Patients with diffuse cutaneous systemic sclerosis (SSc) who experience progressive skin fibrosis may be at an increased risk for worsening lung function and all-cause mortality, according to research.
SSc is associated with major morbidity and mortality due to visceral organ complications, according to the study authors, including interstitial lung fibrosis, pulmonary arterial hypertension, scleroderma renal crisis, and cardiac and gastrointestinal involvement. Early identification of high-risk patients could help reduce the odds of irreversible organ damage.
Prior research found that patients with early diffuse cutaneous SSc whose skin did not improve over two years had greater mortality rates compared to those with skin improvement—regardless of their baseline modified Rodnan skin score (mRSS)—but the association between two-year skin improvement and internal organ damage was not as clear. Therefore, the present study aimed to quantify the relationship between one-year skin fibrosis progression and visceral organ disease progression and mortality.
Using the European Scleroderma Trials and Research (EUSTAR) database, researchers gathered data on patients with diffuse cutaneous SSc, baseline mRSS ≥7, valid mRSS at 12±3 months after baseline, and ≥1 annual follow-up visit. Patients with mRSS increase >5 and ≥25% from baseline to 12±3 months were considered to have progressive skin fibrosis. Primary outcomes included pulmonary, cardiovascular, and renal progression, as well as all-cause death.
Progressive skin fibrosis is associated with a decline in lung function and worse survival in patients with diffuse cutaneous systemic sclerosis in the European Scleroderma Trials and Research EUSTAR cohort.: To determine whether progressive skin… https://t.co/PCzMWtIMAB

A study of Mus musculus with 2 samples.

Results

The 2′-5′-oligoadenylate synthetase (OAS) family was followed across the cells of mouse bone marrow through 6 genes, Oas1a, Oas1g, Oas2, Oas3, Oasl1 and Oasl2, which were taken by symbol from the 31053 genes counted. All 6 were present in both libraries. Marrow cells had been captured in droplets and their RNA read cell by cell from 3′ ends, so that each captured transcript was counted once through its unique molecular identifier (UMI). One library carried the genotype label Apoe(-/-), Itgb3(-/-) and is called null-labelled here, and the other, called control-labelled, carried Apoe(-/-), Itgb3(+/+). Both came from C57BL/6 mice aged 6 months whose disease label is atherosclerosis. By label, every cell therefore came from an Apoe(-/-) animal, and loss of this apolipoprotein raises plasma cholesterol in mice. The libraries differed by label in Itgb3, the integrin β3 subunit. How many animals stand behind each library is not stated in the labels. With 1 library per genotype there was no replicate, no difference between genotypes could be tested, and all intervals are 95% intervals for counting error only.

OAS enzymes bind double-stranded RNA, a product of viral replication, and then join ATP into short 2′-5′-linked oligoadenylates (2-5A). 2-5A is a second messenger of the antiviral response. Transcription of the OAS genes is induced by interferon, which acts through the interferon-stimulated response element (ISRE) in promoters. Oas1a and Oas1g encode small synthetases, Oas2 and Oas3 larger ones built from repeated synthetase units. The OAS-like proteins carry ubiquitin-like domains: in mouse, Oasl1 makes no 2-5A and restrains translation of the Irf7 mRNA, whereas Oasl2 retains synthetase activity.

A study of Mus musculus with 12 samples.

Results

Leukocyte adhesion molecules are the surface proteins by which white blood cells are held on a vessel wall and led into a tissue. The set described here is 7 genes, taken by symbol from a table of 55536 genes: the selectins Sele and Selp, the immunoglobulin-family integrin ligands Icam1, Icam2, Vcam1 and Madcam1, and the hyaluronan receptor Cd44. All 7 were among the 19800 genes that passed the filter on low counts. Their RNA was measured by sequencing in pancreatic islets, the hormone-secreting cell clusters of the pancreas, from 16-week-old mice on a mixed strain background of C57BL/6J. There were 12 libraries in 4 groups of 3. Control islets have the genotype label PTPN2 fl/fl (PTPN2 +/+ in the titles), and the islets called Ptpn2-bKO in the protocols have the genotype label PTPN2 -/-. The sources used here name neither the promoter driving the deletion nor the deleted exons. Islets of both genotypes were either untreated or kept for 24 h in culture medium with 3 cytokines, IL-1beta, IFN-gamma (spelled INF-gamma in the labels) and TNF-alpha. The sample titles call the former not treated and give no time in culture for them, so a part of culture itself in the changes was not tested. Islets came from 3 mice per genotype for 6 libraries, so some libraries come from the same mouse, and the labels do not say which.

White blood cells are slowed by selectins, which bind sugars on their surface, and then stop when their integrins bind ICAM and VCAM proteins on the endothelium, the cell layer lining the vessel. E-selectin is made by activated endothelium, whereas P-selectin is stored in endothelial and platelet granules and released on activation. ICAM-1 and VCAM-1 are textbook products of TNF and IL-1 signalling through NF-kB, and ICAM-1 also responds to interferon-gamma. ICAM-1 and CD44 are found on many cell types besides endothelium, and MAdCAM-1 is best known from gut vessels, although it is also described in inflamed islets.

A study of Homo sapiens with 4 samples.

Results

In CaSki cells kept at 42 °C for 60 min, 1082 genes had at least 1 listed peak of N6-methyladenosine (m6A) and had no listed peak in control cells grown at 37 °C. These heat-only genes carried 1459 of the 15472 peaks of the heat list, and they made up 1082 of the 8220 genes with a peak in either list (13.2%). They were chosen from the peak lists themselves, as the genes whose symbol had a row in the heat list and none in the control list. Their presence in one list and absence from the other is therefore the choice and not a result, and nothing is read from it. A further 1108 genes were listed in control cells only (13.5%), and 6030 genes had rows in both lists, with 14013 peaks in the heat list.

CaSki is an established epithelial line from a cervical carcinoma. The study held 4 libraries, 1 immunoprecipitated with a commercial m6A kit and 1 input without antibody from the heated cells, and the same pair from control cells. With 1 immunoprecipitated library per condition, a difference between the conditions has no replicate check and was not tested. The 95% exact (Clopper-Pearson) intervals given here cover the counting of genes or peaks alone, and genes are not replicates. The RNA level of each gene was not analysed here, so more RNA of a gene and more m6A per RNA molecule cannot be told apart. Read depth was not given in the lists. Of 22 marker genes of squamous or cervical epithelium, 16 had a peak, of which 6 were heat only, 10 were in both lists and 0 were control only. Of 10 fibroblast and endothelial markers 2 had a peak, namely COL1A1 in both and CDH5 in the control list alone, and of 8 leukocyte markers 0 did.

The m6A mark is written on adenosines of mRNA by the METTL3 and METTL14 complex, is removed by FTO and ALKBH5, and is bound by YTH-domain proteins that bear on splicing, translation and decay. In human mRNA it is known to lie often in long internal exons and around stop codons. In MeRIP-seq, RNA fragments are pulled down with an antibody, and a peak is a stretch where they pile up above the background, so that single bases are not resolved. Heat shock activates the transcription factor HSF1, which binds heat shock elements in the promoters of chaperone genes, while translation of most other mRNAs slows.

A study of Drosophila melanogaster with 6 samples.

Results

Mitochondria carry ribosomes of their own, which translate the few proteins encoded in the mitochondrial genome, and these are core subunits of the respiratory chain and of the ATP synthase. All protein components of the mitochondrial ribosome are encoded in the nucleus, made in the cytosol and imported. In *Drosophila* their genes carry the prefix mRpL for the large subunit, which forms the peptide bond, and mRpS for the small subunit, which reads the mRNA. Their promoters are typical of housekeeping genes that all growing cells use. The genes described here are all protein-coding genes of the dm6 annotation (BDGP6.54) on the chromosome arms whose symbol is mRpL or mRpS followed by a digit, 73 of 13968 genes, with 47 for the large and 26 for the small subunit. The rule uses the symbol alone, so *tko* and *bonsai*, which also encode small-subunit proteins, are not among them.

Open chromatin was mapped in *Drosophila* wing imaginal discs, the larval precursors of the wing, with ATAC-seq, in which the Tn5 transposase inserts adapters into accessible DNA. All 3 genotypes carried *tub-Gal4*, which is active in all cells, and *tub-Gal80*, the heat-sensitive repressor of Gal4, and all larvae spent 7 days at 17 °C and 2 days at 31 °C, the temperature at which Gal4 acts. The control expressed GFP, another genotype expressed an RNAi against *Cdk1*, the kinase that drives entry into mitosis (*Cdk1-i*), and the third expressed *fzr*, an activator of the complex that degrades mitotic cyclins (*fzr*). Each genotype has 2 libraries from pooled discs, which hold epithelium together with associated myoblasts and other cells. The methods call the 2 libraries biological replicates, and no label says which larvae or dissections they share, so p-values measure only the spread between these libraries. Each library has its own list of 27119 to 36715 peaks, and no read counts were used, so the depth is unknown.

— Dermatology News (@Dermatology_bio) March 11, 2019
Skin Progression Patients Experience Worsening FVC
A total of 1,021 patients were included in final analysis. Mean age was 52.0±13.7 years, and about three-quarters of patients were female. Mean disease duration was 7.7±7.5 years, and patients were followed for a median 3.4 years. Among the 1,021 total patients, 78 (7.6%) displayed skin fibrosis progression at one-year follow-up.
“Survival analyses indicated that skin progressors had a significantly higher probability of [forced vital capacity (FVC)] decline ≥10% (53.6% vs 34.4%; p<0.001) and all-cause death (15.4% vs 7.3%; p=0.003) than non-progressors,” the researchers observed. “These significant associations were also found in subgroup analyses of patients with either low baseline mRSS (≤22/51) or short disease duration (≤15 months). In multivariable analyses, skin progression within 1 year was independently associated with FVC decline ≥10% (HR 1.79, 95% CI 1.20 to 2.65) and all-cause death (HR 2.58, 95% CI 1.31 to 5.09).”
The study was limited by several missing values and patients lost to follow-up. The researchers could also not determine specific death causes for all participating centers. There was also a large amount of new pulmonary hypertension cases during follow-up. And because the study was observational in design, the study authors could not evaluate how treatment affected outcomes.
“In conclusion, progressive skin fibrosis is associated with decline in lung function and worse survival in [diffuse cutaneous SSc] during follow-up,” the study authors wrote. “The evidence-based findings obtained from the large prospective EUSTAR cohort allow [optimization] of cohort enrichment in future clinical trials aimed at skin and lung fibrosis, and also help clinicians to identify patients at risk of lung progression in clinical practice.”